Search Results

Restricted Access

Louis Feldman

Restricted Access

Series:

Louis Feldman

This book is a collection of 26 previously published articles, with a number of additions and corrections, and with a long new introduction on "The Influence of Hellenism on Jews in Palestine in the Hellenistic Period." The articles deal with such subjects as "Homer and the Near East," "The Septuagint," "Hatred and Attraction to the Jews in Classical Antiquity," "Conversion to Judaism in Classical Antiquity," "Philo, Pseudo-Philo, Josephus, and Theodotus on the Rape of Dinah," "The Influence of the Greek Tragedians on Josephus," "Josephus' Biblical Paraphrase as a Commentary on Contemporary Issues," "Parallel Lives of Two Lawgivers: Josephus' Moses and Plutarch's Lycurgus," "Rabbinic Insights on the Decline and Forthcoming Fall of the Roman Empire."
Restricted Access

Louis Feldman

The present volume, consisting of 35 studies of various portions of Josephus' Jewish Antiquities, is an attempt to examine the oldest systematic commentary on the historical books of the Bible that has come down to us.
It considers how Josephus resolves apparent contradictions, obscurities, and theological and other questions, as well as the historicity of biblical events, which have puzzled classical commentators on the Bible. It attempts to explain cases, notably Ahab, Hezekiah, Jehoiachin, and Zedekiah, where Josephus seems to change the biblical text radically. Included are Josephus' interpretations of several phrophets, women and non-Jewish leaders.
All of these studies have previously appeared in print over a period of almost three decades in 34 different publications. However, they have been edited, corrected, and updated in many ways.
Restricted Access

Louis Feldman

Flavius Josephus, the first-century Jewish historian, is unquestionably among the most important writers from classical antiquity. The significance of the works of Josephus as sources for our understanding of biblical history and of the political history of Palestine under Roman rule, can scarcely be overestimated.

This is the first volume published in this commentary series, which is the first comprehensive literary-historical commentary on the works of Flavius Josephus in English.

Please note that Judean Antiquities Books 1-4 is also available in paperback, ISBN 0 391 04221 1.
Restricted Access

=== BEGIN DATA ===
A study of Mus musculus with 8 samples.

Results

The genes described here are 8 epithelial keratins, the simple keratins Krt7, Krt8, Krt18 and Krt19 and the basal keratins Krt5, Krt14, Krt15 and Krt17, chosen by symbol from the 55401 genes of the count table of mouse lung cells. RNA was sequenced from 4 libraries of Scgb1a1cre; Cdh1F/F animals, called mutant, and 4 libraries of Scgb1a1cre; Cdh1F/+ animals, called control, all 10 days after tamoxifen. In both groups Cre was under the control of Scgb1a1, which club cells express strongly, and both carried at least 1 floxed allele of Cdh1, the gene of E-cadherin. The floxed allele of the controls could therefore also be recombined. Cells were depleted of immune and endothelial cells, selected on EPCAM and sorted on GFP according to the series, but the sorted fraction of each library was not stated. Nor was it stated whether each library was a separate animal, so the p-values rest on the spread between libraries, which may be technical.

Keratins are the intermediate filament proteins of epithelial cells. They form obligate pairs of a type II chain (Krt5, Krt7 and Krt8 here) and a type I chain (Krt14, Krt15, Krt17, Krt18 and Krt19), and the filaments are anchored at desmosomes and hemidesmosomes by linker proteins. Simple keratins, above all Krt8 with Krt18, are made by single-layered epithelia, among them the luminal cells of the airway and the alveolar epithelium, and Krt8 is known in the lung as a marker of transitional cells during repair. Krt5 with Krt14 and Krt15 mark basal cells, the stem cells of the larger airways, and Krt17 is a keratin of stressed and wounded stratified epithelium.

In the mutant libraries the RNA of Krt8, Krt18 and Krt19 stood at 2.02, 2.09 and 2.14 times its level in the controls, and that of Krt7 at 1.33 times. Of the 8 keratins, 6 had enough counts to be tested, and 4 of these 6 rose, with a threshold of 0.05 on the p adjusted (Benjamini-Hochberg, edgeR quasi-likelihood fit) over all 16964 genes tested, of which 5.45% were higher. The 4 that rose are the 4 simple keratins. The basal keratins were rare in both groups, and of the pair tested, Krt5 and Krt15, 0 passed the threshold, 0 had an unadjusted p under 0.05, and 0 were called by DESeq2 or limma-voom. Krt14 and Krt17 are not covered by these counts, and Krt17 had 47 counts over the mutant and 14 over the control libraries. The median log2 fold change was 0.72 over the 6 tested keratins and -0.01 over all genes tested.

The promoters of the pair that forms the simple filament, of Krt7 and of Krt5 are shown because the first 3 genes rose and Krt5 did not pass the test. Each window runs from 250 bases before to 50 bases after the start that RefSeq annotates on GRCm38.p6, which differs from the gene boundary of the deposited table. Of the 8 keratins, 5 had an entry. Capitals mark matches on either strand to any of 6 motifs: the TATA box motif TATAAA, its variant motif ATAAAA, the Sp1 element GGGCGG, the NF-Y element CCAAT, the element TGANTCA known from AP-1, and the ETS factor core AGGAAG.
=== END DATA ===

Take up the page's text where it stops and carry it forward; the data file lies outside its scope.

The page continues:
Judean Antiquities Books 1-4

Translation and Commentary

Louis Feldman

Flavius Josephus is without a doubt the most important witness to ancient Judaism from the close of the biblical period to the aftermath of the destruction of the temple in 70 CE. His four surviving works--- Judean War, Judean Antiquities, Life, and Against Apion---provide the narrative structure for interpreting the other, more fragmentary written sources and physical remains from this period. His descriptions of the Temple, the Judean countryside, Jewish-Roman relations and conflicts, and groups and institutions of ancient Judea have become indispensable for the student of early Judaism, the Classicist, and the reader of the New Testament alike.
The priestly aristocrat Josephus was born in 37 CE and died around the year 100. After fighting against the Romans in the war of 66-74 and surrendering in the earliest phase of the campaign, he moved to Rome where he began a productive literary career. His four surviving works in thirty Greek volumes are widely excerpted for historical purposes, but still not often read in their literary and historical contexts. This project aims to assist every serious reader of Josephus by providing a new literal translation, along with a commentary suggesting literary and historical connections.

Please note that Judean Antiquities Books 1-4 is also available in hardback, ISBN 90 04 10679 0 (still available)
Restricted Access

Series:

Louis Feldman

This volume consists of 23 essays that have appeared in 19 different journals and other publications during a period of over 40 years, together with an introduction. The essays deal primarily with the relations between Jews and non-Jews during the period from Alexander the Great to the end of the Roman Empire, in five areas: Josephus; Judaism and Christianity; Latin literature and the Jews; the Romans in Rabbinic literature; and other studies in Hellenistic Judaism. The topics include a programmatic essay comparing Hebraism and Hellenism, pro-Jewish intimations in Apion and in Tacitus, the influence of Josephus on Cotton Mather, Philo's view on music, the relationship between pagan and Christian anti-Semitism, observations on rabbinic reaction to Roman rule, and new light from inscriptions and papyri on Diaspora synagogues.